UNRWA has been forced to suspend its cash assistance program in Gaza to tens of thousands of people for repairs to damaged and destroyed homes and for rental subsidies to the homeless, according to UNRWA.
Over 96,000 Palestine refugee family homes were damaged or destroyed during last summer’s conflict and US$ 720 million is required to address this need. To date, UNRWA has received only US$ 135 million in pledges, leaving a shortfall of US$ 585 million. While some funds remain available to begin the reconstruction of totally destroyed homes, UNRWA has exhausted all funding to support repairs and rental subsidies.
"UNRWA in Gaza has so far provided over US$ 77 million to 66,000 Palestine refugee families to repair their homes or find a temporary alternative,” said UNRWA Director in Gaza Robert Turner. “This is a tremendous achievement; it is also wholly insufficient. It is easy to look at these numbers and lose sight of the fact that we are talking about thousands of families who continue to suffer through this cold winter with inadequate shelter. People are literally sleeping amongst the rubble; children have died of hypothermia. US$ 5.4 billion was pledged at the Cairo conference last October and virtually none of it has reached Gaza. This is distressing and unacceptable.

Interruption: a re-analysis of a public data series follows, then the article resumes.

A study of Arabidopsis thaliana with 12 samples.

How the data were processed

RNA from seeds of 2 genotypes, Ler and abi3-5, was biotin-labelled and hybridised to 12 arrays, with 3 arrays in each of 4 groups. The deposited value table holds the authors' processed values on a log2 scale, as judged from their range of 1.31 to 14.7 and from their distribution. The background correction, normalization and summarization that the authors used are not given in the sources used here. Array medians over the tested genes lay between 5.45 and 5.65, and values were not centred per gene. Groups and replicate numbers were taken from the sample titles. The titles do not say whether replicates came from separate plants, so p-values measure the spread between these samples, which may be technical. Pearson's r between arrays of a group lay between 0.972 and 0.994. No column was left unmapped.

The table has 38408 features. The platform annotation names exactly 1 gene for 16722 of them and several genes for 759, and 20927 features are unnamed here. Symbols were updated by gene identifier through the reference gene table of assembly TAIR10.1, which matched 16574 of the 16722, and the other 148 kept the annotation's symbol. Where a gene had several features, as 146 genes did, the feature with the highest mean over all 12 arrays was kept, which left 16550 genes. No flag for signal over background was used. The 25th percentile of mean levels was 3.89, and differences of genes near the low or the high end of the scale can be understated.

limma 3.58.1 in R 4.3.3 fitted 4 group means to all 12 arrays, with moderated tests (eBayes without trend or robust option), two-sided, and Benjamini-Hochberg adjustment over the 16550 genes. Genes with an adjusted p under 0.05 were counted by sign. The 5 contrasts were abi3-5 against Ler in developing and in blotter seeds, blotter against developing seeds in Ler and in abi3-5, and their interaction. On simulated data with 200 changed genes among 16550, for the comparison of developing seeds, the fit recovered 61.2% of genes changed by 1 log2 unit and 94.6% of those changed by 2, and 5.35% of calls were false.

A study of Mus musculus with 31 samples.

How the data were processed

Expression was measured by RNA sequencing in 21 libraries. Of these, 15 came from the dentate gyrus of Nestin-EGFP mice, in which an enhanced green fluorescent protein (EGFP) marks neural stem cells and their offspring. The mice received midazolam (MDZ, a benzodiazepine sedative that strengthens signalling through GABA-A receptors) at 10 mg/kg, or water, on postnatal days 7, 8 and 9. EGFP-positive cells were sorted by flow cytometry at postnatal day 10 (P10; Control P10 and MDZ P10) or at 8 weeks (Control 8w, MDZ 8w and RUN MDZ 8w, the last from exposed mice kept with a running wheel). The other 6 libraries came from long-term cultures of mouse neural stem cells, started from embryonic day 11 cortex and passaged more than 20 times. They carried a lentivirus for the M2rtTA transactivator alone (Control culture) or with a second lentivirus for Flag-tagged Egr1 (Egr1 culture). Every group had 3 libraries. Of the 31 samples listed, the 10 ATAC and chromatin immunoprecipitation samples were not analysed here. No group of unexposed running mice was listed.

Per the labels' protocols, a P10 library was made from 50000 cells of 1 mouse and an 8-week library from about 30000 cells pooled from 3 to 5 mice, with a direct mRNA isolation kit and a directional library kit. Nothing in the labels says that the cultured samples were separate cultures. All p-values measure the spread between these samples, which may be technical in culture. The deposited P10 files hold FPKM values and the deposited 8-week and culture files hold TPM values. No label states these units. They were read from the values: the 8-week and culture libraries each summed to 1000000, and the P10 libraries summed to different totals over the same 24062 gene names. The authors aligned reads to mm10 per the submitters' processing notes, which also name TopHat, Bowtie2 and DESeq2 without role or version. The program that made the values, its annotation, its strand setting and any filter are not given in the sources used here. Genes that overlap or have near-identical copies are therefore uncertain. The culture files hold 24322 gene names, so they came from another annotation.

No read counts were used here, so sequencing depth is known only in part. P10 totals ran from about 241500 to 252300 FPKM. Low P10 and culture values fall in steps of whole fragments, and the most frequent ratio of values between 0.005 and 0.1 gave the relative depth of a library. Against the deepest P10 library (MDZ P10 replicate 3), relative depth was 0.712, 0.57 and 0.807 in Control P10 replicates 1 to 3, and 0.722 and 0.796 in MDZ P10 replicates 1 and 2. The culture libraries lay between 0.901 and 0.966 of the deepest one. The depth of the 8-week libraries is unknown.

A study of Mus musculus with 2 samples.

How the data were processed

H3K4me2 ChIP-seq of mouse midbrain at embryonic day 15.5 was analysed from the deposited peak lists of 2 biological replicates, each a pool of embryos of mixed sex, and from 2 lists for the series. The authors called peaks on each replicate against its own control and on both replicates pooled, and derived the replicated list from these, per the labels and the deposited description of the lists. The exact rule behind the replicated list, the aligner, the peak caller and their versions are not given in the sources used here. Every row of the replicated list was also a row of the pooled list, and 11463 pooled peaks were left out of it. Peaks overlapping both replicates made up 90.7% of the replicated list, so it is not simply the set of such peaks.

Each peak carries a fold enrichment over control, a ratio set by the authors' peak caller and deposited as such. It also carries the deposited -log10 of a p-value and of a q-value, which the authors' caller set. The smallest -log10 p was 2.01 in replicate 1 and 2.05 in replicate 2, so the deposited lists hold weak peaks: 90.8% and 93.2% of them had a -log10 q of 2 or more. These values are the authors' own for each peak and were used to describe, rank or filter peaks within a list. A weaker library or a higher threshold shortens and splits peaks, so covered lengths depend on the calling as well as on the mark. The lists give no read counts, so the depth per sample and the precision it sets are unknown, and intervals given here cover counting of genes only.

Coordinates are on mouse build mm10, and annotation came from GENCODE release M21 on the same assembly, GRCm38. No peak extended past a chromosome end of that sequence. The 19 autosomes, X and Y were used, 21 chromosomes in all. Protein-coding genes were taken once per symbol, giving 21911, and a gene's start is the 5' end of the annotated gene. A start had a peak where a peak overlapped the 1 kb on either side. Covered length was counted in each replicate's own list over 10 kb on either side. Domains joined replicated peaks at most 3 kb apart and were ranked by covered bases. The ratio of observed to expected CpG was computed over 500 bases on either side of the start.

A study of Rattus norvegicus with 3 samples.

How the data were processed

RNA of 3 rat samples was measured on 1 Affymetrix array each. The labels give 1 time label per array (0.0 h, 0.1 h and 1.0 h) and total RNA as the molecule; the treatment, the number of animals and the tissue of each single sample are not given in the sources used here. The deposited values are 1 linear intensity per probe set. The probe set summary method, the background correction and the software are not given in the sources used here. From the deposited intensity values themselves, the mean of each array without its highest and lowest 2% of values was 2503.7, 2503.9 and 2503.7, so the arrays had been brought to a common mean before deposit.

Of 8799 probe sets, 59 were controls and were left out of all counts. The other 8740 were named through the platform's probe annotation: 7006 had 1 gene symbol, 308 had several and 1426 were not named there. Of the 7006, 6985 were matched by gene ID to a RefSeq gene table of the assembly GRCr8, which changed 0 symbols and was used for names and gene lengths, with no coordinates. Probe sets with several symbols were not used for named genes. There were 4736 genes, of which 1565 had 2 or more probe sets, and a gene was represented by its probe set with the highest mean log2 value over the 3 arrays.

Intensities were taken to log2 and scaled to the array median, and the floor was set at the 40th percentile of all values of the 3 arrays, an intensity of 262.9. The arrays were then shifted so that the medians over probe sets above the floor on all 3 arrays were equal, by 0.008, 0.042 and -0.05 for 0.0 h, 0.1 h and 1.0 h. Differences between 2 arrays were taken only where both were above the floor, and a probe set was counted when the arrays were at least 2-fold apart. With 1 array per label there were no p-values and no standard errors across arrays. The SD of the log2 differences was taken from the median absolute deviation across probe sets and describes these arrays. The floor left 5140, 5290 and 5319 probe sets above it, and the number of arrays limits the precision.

" It is unclear why this funding has not been forthcoming,” added Mr. Turner. “But UNRWA has been a stabilizing factor in a very challenging political and security context and if we cannot continue the program, it will have grave consequences for affected communities in Gaza.
People are desperate and the international community cannot even provide the bare minimum – for example a repaired home in winter – let alone a lifting of the blockade, access to markets or freedom of movement. We’ve said before that quiet will not last, and now the quiet is at risk".
UNRWA urgently requires US$ 100 million in the first quarter of this year to allow families with minor damage to repair their homes and to provide ongoing rental subsidies, including to the thousands of families who left UNRWA-run collective centers and found alternative rental accommodation. UNRWA is concerned that if it cannot continue to provide rental subsidies, large numbers may return to the collective centers, where almost 12,000 displaced Palestinians continue to seek shelter.